Wednesday, May 06, 2015

Heuristic and protective

The Asian theology course is starting out fascinating - though I may well be enjoying the heavily methodological way it's begun more than the others in attendance. What we're getting is hard-won knowledge forged from the invaluable but frequently contrived and often frustrating experience of the (Western-based and -initiated) inter-religious dialogue, something understandably foreign to Chinese students!

Before the engagement of Yang Wang-Ming and Karl Barth which will be the main illustration of the possibility of Confucian-Christian dialogue, the instructor explained that he's trying to do which he calls "confuciology." Already Monday he argued that theology may be appropriate for logos-based Western Christianity but not East Asian societies (hence his proposal for a theo-dao). Today he argued that confuciology is a "heuristic device" to allow Dao-based traditions to hold their own in dialogue with the systematic blunderbusses of Christian theology - "heuristic" as Confucianism is no less suspicious than Daoism is of systems and systematizing. Nevertheless, he argues, in the absence of something like a grammar of Confucian tradition, discussion will inevitably be structured around Christian categories - fatal for dao-based forms of "radical humanization."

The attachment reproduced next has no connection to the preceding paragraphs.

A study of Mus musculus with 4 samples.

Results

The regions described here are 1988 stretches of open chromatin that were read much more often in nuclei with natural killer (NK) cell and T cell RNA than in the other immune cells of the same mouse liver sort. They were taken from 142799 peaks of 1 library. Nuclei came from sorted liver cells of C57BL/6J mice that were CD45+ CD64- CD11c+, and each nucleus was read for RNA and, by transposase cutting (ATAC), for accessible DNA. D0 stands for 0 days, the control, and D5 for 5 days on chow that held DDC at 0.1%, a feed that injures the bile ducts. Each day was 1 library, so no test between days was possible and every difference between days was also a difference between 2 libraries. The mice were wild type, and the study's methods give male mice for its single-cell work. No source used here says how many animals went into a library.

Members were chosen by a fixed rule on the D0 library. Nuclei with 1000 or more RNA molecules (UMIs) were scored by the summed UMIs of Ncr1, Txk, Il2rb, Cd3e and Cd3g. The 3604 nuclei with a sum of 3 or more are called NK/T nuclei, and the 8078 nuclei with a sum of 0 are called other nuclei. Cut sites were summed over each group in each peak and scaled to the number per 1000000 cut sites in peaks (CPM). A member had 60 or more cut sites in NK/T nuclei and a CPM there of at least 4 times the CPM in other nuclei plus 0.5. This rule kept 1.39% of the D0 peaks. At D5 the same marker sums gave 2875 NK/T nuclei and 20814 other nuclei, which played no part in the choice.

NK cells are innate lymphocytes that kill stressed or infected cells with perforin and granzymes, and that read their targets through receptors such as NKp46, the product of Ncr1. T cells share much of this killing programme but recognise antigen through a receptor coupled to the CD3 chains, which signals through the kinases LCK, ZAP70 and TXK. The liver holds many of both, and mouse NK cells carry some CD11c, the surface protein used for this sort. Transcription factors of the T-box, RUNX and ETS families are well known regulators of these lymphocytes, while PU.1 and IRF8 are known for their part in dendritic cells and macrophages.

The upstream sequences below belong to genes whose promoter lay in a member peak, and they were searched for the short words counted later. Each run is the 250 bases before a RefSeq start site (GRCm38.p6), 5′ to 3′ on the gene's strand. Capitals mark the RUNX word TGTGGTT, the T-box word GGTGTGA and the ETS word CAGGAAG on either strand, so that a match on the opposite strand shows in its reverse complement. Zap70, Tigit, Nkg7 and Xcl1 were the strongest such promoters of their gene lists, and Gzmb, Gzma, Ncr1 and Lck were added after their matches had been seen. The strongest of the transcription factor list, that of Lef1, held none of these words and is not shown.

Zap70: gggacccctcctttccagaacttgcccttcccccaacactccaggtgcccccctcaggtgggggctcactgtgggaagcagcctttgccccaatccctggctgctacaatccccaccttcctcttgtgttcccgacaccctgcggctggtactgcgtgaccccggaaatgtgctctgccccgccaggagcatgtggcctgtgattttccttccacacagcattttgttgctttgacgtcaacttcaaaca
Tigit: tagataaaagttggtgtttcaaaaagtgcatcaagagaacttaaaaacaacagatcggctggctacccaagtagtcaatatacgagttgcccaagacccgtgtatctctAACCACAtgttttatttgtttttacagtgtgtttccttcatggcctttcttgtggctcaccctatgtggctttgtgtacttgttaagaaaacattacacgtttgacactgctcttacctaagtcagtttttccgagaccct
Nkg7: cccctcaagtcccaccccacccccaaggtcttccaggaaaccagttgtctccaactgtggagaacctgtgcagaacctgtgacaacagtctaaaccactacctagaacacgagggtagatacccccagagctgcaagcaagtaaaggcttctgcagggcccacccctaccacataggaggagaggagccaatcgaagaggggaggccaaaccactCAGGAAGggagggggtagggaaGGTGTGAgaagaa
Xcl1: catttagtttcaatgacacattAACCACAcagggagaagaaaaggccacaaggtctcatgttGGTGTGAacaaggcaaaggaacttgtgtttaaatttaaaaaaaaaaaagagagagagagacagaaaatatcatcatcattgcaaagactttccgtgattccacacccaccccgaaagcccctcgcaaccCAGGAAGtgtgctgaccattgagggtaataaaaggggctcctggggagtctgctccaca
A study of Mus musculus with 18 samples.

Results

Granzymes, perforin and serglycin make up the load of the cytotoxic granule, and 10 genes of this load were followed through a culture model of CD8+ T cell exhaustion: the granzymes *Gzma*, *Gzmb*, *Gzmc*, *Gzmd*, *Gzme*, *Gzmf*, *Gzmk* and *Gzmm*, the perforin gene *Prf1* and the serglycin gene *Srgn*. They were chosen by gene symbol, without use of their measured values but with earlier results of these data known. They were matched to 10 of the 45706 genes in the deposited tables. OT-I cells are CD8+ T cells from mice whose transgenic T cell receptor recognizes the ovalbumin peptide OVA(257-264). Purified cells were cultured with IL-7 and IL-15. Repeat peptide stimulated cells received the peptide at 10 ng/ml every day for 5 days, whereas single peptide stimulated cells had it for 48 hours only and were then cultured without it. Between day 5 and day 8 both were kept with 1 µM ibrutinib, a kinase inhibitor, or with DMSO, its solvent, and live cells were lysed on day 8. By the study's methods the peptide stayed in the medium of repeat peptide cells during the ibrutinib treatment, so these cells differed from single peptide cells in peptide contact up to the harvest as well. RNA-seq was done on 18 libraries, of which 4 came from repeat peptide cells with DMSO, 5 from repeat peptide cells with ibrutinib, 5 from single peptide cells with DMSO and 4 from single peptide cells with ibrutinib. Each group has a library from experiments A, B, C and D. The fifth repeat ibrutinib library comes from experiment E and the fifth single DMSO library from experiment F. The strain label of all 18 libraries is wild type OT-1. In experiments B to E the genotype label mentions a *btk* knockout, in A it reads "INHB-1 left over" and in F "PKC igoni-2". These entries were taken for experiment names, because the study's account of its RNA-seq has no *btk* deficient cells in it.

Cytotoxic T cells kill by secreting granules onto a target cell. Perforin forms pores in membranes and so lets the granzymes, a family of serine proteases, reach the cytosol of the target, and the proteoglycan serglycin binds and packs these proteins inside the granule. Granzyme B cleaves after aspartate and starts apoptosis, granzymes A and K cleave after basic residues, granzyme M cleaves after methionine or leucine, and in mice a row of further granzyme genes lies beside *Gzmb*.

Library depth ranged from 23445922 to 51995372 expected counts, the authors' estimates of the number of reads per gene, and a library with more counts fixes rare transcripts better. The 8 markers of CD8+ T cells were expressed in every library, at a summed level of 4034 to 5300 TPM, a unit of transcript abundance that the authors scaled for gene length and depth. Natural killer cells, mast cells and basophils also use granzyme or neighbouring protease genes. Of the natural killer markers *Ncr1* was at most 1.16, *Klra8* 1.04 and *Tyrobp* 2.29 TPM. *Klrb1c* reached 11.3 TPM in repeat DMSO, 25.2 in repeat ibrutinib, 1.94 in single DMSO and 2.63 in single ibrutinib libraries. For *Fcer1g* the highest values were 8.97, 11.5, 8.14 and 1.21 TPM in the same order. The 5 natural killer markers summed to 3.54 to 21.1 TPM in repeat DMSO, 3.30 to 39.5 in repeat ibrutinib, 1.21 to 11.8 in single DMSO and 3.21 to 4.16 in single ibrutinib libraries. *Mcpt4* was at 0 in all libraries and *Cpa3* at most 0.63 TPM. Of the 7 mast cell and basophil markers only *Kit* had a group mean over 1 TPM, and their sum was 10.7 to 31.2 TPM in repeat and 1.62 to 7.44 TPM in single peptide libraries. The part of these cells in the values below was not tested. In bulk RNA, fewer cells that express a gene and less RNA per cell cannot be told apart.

His "confuciology" is thus not only "heuristic" but "protective":

In terms of George Lindbeck, confuciology is "to give a normative explication of the meaning" which Confucianism has for East Asian people as their cultural-linguistic matrix. If theology is a thick description of the intratextuality of the Christian faith, confuciology is that of the Confucian faith. Confuciology describes intelligibly and thickly the stories of the Confucian ethico-religious persuasions within their own contexts. Analogous to theology (at least similar to Barthian-Reformed and liberation theologies), being secondary to the faith itself, confuciology explicates rule of the game for understanding the cultural-linguistic matrix. It prevents an eclectic and fragmentary reading whose dangerous decontexualization jeopardizes and violates the integrity and inner coherence of the Confucian intratextuality. Hence, confuciology is a protective device to tell Confucian stories authentically and thickly in their own structures.

I'm not sure that this can be done, or is done entirely successfully by our visitor, but I confess to being very taken by the Fragestellung. It seems more aware of the necessity as well as the necessary pitfalls of interreligious dialogue than much that I've encountered. I'm eager to see what he builds on this necessarily heuristic foundation - and to see how the ideas play with his Chinese (indeed, it emerges, his first "Asian") audience.